Dashiki Dialogues – Male feminism a tricky thing

2011-08-19 16:18

With women’s month now in full swing – and kicking off with yet another instalment from that scribe with a taste for the misogynous – I actually have to wonder what it means to be a male feminist.

I figured it’s a question worth asking because it sure looks like Adam’s ilk will soon need a credential clearance on women-empowerment issues to enter related public discourses.

And maybe we should, given the history of efforts in the opposite direction. Consider that in literature, the old woman has been a long-standing symbol of physical and moral decay – think here of witches and other oddities.

For the younger woman, too, being “sexy” often becomes a symbol for some inner malice and her sinister powers of seduction.

On religion, others have even argued that a “father, son and Holy Ghost” trinity as opposed to “man, woman and child” is actually symptomatic of that historical dismissal of women.

As men we now find that we need to define ourselves in view of this history of misogyny. So what does it mean when a man claims feminism for himself?

Does it mean going along with everything proposed by women just for the sake of it or is it simply about passing that tray of snacks whenever your wife and “the girls” meet at your house?

Well, I know it can’t mean that men should now wear colourful shirts and publicly flaunt their new-found taste for pink drinks or white shoes.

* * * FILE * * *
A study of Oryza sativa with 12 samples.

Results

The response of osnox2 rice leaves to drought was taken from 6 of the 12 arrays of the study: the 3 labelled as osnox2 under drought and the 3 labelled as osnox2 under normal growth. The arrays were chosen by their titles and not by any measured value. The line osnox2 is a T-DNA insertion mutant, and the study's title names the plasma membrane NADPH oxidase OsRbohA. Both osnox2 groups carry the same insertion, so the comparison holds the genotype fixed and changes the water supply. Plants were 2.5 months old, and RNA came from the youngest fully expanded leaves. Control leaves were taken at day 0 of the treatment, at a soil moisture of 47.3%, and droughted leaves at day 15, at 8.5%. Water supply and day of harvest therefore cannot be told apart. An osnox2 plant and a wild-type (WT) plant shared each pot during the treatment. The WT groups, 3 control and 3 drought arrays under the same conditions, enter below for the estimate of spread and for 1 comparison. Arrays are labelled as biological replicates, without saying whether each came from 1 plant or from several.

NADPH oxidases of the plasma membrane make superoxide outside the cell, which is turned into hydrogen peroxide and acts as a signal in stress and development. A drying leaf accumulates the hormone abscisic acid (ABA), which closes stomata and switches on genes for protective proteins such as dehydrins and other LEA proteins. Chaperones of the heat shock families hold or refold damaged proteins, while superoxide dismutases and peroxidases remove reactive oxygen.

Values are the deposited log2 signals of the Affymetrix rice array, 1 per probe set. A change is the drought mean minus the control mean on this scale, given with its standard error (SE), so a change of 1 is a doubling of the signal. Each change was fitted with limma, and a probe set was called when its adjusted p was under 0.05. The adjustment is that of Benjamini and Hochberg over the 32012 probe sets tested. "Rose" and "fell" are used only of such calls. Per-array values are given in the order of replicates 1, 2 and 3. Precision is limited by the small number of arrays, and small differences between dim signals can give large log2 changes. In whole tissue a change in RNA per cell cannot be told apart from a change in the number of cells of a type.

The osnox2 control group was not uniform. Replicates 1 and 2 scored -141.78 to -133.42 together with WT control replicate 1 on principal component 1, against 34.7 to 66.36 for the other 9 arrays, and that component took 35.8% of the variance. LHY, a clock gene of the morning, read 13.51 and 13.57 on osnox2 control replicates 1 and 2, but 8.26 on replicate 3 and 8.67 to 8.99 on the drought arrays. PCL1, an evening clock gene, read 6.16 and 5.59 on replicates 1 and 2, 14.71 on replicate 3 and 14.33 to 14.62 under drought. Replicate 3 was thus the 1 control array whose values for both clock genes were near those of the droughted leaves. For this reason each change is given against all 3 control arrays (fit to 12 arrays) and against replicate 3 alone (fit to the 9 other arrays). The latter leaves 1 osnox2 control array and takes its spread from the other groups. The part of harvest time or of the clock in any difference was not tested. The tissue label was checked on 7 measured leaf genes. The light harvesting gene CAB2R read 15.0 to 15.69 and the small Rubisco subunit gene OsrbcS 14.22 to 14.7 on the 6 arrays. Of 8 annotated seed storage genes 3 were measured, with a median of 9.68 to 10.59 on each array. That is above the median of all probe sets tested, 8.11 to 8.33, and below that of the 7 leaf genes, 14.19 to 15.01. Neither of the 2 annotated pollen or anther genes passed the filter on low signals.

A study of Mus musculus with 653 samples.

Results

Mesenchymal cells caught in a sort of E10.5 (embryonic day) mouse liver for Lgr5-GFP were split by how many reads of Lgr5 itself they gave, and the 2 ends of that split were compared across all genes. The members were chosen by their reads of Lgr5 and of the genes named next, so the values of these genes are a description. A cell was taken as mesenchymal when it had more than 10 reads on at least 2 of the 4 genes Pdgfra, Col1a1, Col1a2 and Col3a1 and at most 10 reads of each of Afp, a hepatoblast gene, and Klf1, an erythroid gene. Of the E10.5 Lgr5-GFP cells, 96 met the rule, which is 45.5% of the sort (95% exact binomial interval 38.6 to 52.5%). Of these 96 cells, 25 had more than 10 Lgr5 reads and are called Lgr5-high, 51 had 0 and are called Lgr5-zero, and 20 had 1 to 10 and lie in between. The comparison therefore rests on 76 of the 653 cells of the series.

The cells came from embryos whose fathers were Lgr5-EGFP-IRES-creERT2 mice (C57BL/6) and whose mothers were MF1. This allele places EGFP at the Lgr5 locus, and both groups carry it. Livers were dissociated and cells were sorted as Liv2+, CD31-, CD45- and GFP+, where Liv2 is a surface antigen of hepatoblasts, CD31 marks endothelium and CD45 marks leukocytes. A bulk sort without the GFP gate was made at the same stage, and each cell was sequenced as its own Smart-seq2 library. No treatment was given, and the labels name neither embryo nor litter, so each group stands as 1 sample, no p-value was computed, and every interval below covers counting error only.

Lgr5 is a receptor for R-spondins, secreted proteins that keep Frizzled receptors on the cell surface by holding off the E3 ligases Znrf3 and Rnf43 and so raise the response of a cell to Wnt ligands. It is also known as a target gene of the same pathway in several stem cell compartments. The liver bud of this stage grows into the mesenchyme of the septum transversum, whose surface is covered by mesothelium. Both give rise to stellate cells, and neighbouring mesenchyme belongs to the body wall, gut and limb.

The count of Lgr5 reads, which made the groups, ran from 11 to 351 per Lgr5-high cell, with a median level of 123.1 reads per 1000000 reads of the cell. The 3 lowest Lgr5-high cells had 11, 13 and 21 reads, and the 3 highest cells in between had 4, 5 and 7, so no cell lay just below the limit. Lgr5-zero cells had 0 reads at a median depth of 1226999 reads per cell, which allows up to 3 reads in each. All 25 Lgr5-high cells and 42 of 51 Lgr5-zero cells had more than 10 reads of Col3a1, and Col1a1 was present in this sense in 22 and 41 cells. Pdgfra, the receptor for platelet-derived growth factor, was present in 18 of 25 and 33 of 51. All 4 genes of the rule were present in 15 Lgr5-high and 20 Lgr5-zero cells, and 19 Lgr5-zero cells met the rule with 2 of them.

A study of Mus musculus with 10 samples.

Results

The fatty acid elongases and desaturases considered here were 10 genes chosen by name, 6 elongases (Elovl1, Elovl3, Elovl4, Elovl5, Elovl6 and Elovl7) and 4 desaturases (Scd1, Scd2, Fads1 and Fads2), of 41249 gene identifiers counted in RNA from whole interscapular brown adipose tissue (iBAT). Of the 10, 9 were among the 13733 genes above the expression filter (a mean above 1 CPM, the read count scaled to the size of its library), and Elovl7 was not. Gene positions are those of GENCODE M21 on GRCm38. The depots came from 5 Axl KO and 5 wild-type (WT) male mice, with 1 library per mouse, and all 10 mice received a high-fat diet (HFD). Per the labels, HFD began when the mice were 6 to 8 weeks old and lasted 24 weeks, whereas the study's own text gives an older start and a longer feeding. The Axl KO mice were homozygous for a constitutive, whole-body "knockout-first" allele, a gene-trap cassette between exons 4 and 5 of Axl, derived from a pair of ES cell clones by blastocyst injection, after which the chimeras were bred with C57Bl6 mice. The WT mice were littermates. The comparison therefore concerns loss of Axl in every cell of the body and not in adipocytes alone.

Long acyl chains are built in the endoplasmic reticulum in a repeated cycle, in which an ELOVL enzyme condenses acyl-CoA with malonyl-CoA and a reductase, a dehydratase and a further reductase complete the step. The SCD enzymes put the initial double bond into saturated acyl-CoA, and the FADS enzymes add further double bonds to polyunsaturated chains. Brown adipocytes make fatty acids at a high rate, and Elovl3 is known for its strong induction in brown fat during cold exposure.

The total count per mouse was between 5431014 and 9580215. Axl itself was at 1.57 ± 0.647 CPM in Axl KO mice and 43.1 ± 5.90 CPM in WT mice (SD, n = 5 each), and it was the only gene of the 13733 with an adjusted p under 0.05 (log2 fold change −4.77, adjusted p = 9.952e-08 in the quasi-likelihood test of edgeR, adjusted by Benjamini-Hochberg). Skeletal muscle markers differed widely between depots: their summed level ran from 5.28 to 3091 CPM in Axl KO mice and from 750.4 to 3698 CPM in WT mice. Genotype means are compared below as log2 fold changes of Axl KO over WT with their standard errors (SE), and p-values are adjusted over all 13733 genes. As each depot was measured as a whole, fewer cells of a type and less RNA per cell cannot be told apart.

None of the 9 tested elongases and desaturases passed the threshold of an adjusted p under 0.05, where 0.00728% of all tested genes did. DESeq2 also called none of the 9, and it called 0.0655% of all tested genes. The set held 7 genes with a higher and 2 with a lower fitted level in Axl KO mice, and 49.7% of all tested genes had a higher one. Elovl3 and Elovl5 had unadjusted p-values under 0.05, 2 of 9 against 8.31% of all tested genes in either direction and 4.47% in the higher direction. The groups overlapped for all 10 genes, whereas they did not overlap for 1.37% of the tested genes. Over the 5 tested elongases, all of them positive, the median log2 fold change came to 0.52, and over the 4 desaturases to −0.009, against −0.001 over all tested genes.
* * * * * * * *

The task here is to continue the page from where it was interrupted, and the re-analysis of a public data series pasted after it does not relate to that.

A friend suggested that men looking to join women’s struggles should be treated the same way radical blacks view white liberals.

In other words, men are best positioned to work among other men, and not tell women about a pain they already know too well.

Because liberation can’t be given, those who want it are required to rise up and seize it for themselves. But what happens when a male feminist goes against a female who elects to further patriarchal interests?

Tricky one that.

I want to think that creating a just and gender-equitable world is to build a sustainable future for all, and that task can’t be for women only.

However, being a man who elects to hoist an anti-patriarchy flag can be a dangerous affair. It can mess with your place in the “boys’ club”.

And if you’ve joined a misogynistic, business-related boys’ club, that flag can mess with your access to money. Now that’s no laughing matter. You’ll need bravery to enter that Dashiki Dialogue.